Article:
Your show is at the bottom of a cable network with lousy ratings. So what to do? Take the show that few watch out of the studio, put it on the road, and cross your fingers hoping that the format change will miraculously improve the ratings.
That is what is happening with the failed Ronan Farrow Daily (Dully) show on MSNBC. A show with such horrible ratings that TVNewser announced it was watched one Monday last December by only 13,000 people in the 25 to 54 demo during its time slot or less than a sixth of a typical football stadium. Improving Farrow's performance doesn't seem to be an option so according to Brian Steinberg at Variety, MSNBC wants to take those lousy interviewing skills out of the studio and onto the road:
Farrrow’s MSNBC program, “Ronan Farrow Daily,” has been dogged by cancellation rumors for months (though none of them have proven out) and that speculation that has been bolstered by the program’s decidedly lackluster ratings. But MSNBC has plans for the Rhodes Scholar and former Obama foreign policy official whose youth (he is under 30) and family background (he is the son of actress Mia Farrow) have brought an extreme degree of attention to his fledgling effort in the world of cable-news.
“It’s about diving in deep,” says Farrow during a recent interview while reporting in Paris. His goal is to travel to places where big stories erupt, then find underreported facets, like discovering individuals whose lives have been changed by the news. He really enjoys “finding the human piece to tell the bigger story and push forward the narrative,” he says.
Diving in deep? I leave it to the reader's imaginations to conjure up exactly what Ronan will probably be diving into but his shtick will be to travel all over the planet in what sounds like "Where In The World Is Ronan Farrow?"
MSNBC executives acknowledge Farrow’s daytime program has not won in the viewership game, but suggest they see potential, both for TV and for grabbing attention from viewers who watch the news in new ways.
Watching the news in new ways? Watching the news while drunk? Watching it while standing on our heads? Help me out here.
In 2013, according to the Pew Research Journalism Project, 82% of Americans said they got news on a desktop or laptop, while 54% said they got news on a mobile device. Pew said 35% reported that they get news in this way “frequently” on their desktop or laptop, and 21% from a mobile phone or tablet.
Oh, I get it now. Instead of being bored by Ronan on television, we can also be bored by him on our desktop, laptop, mobile phone, or tablet.
“We have to look beyond cable ratings,” says Izzy Povich, vice president of talent and development at MSNBC, in an interview, adding ,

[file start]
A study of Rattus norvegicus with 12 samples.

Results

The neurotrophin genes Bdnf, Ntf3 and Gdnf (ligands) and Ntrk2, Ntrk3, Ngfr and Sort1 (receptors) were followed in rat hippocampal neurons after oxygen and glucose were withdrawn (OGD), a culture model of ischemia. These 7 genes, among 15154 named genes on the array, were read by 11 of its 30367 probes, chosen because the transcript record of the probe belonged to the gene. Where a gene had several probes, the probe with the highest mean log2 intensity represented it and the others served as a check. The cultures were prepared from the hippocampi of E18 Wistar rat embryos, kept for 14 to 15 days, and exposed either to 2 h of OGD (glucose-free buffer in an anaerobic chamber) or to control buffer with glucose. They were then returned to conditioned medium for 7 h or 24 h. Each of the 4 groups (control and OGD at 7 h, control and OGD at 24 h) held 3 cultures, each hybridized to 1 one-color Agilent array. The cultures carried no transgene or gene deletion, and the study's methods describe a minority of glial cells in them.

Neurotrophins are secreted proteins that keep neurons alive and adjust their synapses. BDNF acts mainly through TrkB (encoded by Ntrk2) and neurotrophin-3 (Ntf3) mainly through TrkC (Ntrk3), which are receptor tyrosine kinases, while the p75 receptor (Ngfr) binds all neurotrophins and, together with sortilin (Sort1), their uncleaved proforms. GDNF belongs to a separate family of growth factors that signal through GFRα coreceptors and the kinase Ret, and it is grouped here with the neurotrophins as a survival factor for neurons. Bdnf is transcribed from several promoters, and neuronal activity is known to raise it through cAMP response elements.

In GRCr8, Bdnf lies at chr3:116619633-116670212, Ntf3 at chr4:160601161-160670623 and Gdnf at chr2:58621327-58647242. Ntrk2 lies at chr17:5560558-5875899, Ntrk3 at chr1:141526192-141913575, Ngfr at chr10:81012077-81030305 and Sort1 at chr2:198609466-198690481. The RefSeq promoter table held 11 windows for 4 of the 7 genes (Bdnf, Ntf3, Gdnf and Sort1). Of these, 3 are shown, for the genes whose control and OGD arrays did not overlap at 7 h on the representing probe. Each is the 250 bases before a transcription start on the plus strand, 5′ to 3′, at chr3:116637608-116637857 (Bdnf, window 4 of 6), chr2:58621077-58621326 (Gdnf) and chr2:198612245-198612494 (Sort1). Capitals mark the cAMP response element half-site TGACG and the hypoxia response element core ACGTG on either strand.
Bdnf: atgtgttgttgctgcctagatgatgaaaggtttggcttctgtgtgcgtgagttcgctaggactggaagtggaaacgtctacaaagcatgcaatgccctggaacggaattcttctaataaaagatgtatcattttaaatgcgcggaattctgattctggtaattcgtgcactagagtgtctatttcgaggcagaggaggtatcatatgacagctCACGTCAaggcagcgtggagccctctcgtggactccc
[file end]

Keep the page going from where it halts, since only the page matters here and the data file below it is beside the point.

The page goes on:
"We have to look beyond cable ratings," is an oblique way of saying our ratings stink bigtime.
MSNBC’s plan sprouts alongside a January unveiling of a new streaming-video hub, Shift, which offers programming and personalities not typically seen on the cable outlet.
And be very careful to include all letters when writing about "Shift" despite the strong temptation to drop one.
Young Ronan now enlightens us with his deep thoughts about journalism which earned him a Walter Cronkite award about five minutes into his career:
The anchor says he’s just getting the opportunities he has craved after working hard to establish himself in a new milieu since the launch of his program last February. “It’s a completely hectic, makeshift process. You are building the airplane at the same time you are flying it,” he says of getting started on his own hour-long show. Even so, he’s had the same aspiration since he began on MSNBC: “I want to be on the ground and connecting with people, and I want that to really be reflected on the show.” Still, he acknowledges, “you can’t just jump into the deep end like that. You’ve got to earn your stripes.”
Ready for a shocker? The author of this article reveals that MSNBC tilts (GASP) liberal:
Farrow’s increased presence from sundry locales is part of a broader MSNBC strategy to get its anchors out from behind their desks and out to where news is breaking. The network, known for its tilt toward the liberal and progressive side of the political aisle, has seen ratings slump in recent months and has made strides to broaden the issues is tackles.
Broaden the issues it covers? How about broaden the perspectives of its hosts away from far left? Naw. That's too much to expect.
Finally, Ronan lets us know about the extreme travails of his low rated job:
Farrow intends to press forward. “It’s a lot of hard work getting into the nitty-gritty and talking to everyone and never sleeping and not really eating,” he notes. To stand out in the modern TV-news landscape, that level of activity may be de rigueur.
Exit question: Will the new on the road Ronan travel to Russia to give us an in-depth report about Muscovite Bronies?